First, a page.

I’m doing a writing course this week. The course seemed to arrive at the right time since I’m making a lot of headway with my book and I’m needing to know that I’m on the right track. My energy levels can handle a half day course and I made assumption that there would be minimal homework.

The content and pace is exactly right for me and it is a small and personal group. Exposing my impromptu writing to strangers is a difficult thing, invoking a lot of anxiety for me. Needless to say, the anxiety alone tires me out a lot. But it is a necessary process and I need to learn to expose my writing to people.

The instructor has managed our expectations to the point where I’m feeling disheartened. She said that most successful writers only come into their own by the third book. Our country’s most successful writer in recent times is earning about ten percent of a book’s retail price. I’m doing a return on investment exercise in my head as she speaks and I’m thinking that this route is looking less viable.


I’ve read many articles about how few entrepreneurs and small businesses are successful, despite the enthusiasm of the founder. They persevere despite all odds. What is interesting to me is the difference in the support structures of those in close proximity. When you start a new business, people are patting you on the back and wishing you well. Entrepreneurs are perceived to be brave and bold. But artists and writers are looked at with pity. “She’ll never be a able to make a career out of writing books” or “poor guy, he’s a struggling artist”. Why is it is so difficult to make a career out of something creative?

From where I sit, spending several years on each book and waiting to earn a pittance from book number three is just not fair. Why is it that I could spend the next ten years waiting to be successful? Why is it that everyone would be cheering me on to start a new business when I failed to make the previous one work? Even with a track record of failure, people would back that endeavour more than a book. It doesn’t seem right to me.

My husband often says that anything worth anything is difficult and I’m certainly not looking for an easy path. I just want to feel successful again. I feel weak and damaged. I feel impaired and unable to do what other people take for granted. I just want to follow my passion and get paid for it. Simple.

I still don’t really feel like a writer after delivering many blog posts and thousands of words in my book. I don’t think I’ll ever really feel like a writer. And it’s really unlikely that I’ll be able to pay my bills from my passion. Who wants to spend years building something that may or may not succeed? I’ve already struggled so much with my business and given so much that I got a lifelong illness. When do things start getting easier? What career path would offer me happiness and income?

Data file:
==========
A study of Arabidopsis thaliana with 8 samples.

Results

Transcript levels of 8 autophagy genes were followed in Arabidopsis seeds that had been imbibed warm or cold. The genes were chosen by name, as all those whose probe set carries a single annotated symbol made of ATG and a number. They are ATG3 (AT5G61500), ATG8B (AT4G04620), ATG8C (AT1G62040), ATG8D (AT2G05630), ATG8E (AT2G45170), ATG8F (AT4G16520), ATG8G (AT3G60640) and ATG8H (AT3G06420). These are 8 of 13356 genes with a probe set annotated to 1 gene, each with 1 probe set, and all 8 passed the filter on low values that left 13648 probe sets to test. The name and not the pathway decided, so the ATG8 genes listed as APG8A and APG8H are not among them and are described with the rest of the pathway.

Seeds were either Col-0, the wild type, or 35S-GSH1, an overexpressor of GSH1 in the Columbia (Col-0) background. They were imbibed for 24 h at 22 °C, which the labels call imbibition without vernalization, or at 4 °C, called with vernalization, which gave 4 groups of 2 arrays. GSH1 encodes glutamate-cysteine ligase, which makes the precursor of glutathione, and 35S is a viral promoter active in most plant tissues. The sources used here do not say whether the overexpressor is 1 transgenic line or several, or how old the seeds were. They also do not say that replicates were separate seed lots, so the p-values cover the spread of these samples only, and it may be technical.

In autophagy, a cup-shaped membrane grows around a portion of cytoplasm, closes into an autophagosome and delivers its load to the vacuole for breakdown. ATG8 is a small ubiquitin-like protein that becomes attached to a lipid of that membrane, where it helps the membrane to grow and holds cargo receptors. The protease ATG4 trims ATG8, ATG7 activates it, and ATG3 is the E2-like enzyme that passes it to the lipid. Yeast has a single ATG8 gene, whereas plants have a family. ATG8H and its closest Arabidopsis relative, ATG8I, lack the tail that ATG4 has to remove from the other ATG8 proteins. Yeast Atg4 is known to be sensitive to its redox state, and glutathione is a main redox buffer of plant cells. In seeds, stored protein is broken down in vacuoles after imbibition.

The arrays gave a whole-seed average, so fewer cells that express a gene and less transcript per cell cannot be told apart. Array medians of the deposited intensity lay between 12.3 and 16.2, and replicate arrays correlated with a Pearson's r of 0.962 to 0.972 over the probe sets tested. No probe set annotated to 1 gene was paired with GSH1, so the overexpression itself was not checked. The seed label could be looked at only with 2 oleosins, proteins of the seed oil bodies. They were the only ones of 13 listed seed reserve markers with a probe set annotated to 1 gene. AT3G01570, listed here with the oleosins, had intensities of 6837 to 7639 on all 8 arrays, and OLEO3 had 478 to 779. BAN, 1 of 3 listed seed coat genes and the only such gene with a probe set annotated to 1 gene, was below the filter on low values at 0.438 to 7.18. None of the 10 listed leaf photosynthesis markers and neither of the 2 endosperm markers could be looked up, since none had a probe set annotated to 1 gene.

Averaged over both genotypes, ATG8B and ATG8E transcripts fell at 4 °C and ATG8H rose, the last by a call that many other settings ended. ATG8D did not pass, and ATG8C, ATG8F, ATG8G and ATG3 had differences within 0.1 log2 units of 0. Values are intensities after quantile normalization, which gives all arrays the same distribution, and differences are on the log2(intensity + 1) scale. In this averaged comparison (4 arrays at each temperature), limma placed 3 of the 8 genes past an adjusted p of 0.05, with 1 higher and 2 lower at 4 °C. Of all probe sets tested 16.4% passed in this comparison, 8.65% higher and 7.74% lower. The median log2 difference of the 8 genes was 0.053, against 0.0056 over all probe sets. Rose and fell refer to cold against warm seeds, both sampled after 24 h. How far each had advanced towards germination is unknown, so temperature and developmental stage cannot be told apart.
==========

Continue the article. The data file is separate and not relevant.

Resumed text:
How many people are out there doing things that are unethical, corrupt and plain evil, earning a bunch of money? It just seems so unfair. I suppose I’m supposed to see a silver lining in an outcome like personal growth but personal growth does not pay the bills.


As far as all the signs are pointing, writing is my path. I simply cannot give up on something that I enjoy so much. But what kind of hobby takes years to deliver output? One of the key aspects of being in flow is that you get immediate feedback. Perhaps I’m supposed to write my blog as an extra curricular activity and find a dreaded job.

Today as I sat in hours of traffic, I thought about all the people trapped in jobs they hate. I thought about people with amazing talents and gifts who are unable to bring them to fruition because they spend a huge chunk of their lives in traffic. What kind of an existence is that?

I know that I’m taking the remarks of one person down a catastrophic path of thought. But anyone pursuing a creative career knows the doubt and how easily it can be easily fanned. I know that it’s best to manage expectations because there are just so many people these days writing books, and so many badly written outputs out there. Expecting to be the next Elizabeth Gilbert would be foolish and naive for any aspiring writer. But surely there’s a way of making money off this passion of mine that is viable? Surely it’s possible to be happy at work and to pay the bills?

It feels like my dream is dying while I’m trying to make it more real.